Reviewed by Colin Jacobson (May 12, 2021)
1990 became a big summer for dead people on movie screens. Most memorably, Ghost turned into a massive hit, one that ended up in second place for the year behind Home Alone.
While not as successful, Flatliners found a pretty decent audience as well. With a hot young cast, its $61 million US didn’t quite live up to expectations, but the movie still became a moderate success.
Medical school student Nelson Wright (Kiefer Sutherland) becomes obsessed with attempts to learn what happens after death. In that vein, he decides to conduct an experiment in which his classmates will cause him to die and then bring him back to life after one minute.
Though his peers view this as a one-way ticket to the morgue, they go along with it anyway, and it works. Nelson “flatlines” for 60 seconds and then returns with claims of visions from his childhood.
Though initially skeptical, this wins over his friends and they want to go through their own “flatline” experiences. As each one pushes the length of time they remain dead further and further, they risk real danger and other unforeseen consequences.
Though Michael Bay seems to remain the film buff’s go-to pick for the ultimate “style over substance” director, I think Joel Schumacher gives him a serious run for his money. I won’t pick a “winner” between the two, though I do wonder if Bay’s career could’ve existed without the way that Schumacher paved the way.
I tend to think less of Schumacher as a filmmaker because Bay rarely displayed delusions of cinematic grandeur. With only a few exceptions, Bay seems to know that he makes popcorn flicks without serious dramatic aspirations.
On the other hand, Schumacher created more than a few flicks that shot for more than just one-dimensional fun and thrills. In 1985, St. Elmo’s Fire allowed Schumacher to pursue “voice of a generation” material ala The Big Chill, but all Schumacher managed was a fluffy piece of soap opera nonsense.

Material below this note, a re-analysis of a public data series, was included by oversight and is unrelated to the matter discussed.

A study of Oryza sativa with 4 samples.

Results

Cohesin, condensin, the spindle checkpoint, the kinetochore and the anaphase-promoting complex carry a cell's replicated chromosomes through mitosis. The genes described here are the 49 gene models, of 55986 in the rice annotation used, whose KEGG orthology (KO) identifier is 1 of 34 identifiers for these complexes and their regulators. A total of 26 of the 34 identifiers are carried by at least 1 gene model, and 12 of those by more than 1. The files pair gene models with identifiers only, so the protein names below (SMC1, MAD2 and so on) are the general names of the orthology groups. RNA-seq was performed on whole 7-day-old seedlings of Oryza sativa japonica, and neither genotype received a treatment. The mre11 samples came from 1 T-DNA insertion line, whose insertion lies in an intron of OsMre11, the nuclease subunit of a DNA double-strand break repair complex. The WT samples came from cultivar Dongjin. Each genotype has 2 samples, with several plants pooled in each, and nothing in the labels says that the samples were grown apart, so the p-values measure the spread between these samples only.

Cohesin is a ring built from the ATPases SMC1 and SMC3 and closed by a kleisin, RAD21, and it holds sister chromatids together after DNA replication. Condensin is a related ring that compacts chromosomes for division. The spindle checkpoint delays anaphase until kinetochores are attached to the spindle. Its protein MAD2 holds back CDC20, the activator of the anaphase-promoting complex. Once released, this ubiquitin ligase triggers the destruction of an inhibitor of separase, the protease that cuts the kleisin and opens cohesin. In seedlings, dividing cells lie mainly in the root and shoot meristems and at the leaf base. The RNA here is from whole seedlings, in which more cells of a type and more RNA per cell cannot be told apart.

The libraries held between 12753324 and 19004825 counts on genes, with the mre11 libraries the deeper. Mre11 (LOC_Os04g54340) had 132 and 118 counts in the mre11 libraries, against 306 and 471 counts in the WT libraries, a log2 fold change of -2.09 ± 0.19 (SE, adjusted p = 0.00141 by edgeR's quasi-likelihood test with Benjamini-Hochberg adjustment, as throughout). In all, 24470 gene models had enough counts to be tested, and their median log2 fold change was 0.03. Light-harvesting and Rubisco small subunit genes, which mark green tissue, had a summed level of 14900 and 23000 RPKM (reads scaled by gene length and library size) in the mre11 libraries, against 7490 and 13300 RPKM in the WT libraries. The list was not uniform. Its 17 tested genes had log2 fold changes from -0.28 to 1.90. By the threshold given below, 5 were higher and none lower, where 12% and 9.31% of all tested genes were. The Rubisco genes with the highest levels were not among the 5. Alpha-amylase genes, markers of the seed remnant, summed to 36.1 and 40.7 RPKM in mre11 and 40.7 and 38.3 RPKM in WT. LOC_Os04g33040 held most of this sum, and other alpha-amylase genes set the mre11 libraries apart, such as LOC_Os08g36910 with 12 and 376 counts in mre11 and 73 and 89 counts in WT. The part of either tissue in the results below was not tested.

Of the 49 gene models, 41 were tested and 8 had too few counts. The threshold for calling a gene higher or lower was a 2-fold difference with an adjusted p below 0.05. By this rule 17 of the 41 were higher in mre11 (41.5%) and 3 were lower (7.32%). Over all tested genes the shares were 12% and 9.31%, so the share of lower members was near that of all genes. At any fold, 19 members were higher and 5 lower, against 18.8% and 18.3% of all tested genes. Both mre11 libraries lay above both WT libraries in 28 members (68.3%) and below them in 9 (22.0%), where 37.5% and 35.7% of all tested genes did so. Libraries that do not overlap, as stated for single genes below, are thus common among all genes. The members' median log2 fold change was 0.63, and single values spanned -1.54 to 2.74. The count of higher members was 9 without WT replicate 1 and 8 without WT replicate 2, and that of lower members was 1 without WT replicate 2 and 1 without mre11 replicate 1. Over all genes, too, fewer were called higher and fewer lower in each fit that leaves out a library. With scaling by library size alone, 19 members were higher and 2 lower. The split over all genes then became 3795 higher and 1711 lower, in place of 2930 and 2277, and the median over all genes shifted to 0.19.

Flatliners gets into even deeper territory – in theory, at least. In reality, Schumacher just makes yet another glossy tale without any substance.
This seems like a massive misfire, as the issues of Flatliners come with real potential. We could - and should – find a tale that explores its notions in a meaningful, thought-provoking manner.
But that wouldn’t fit the stylized Schumacher palette, so instead, we find a movie that usually feels like a long music video. Rather than give the movie the needed sense of realism Schumacher brings us a moody, atmospheric piece that never connects with the material.
Honestly, if Flatliners hadn’t hit screens less than a month after Ghost, you’d assume Schumacher attempted to emulate the latter. Flatliners offers a semi-dreamy feel that evokes the tone of Ghost enough to make comparisons inevitable.
Though I never much liked Ghost, I think its atmospheric choices work for it, but they seem less logical for Flatliners. The subject matter demands a grittier, darker take.
Schumacher art directs Flatliners to the umpteenth degree and places the movie in a strange Art Deco world that makes little sense within the movie world. Again, this story seems like something that requires a bracing, reality-based feel, whereas Schumacher instead stages the film in a manner similar to the horror fantasy of his 1987 hit The Lost Boys.
Flatliners does provide a pretty impressive cast. In addition to Sutherland, we find Julia Roberts hot on the huge success of Pretty Woman as well as Kevin Bacon, William Baldwin and Oliver Platt.
All try their best to bring some life to their underwritten characters and the frothy shenanigans, but they can’t do much to make it work. The actors emote, emote and emote some more, all in the service of a story that doesn’t really care about their roles.
That’s because Flatliners becomes just another superficial and insubstantial cog in the Schumacher machine. The man made some decent movies over his career, but Flatliners doesn’t turn into one of them.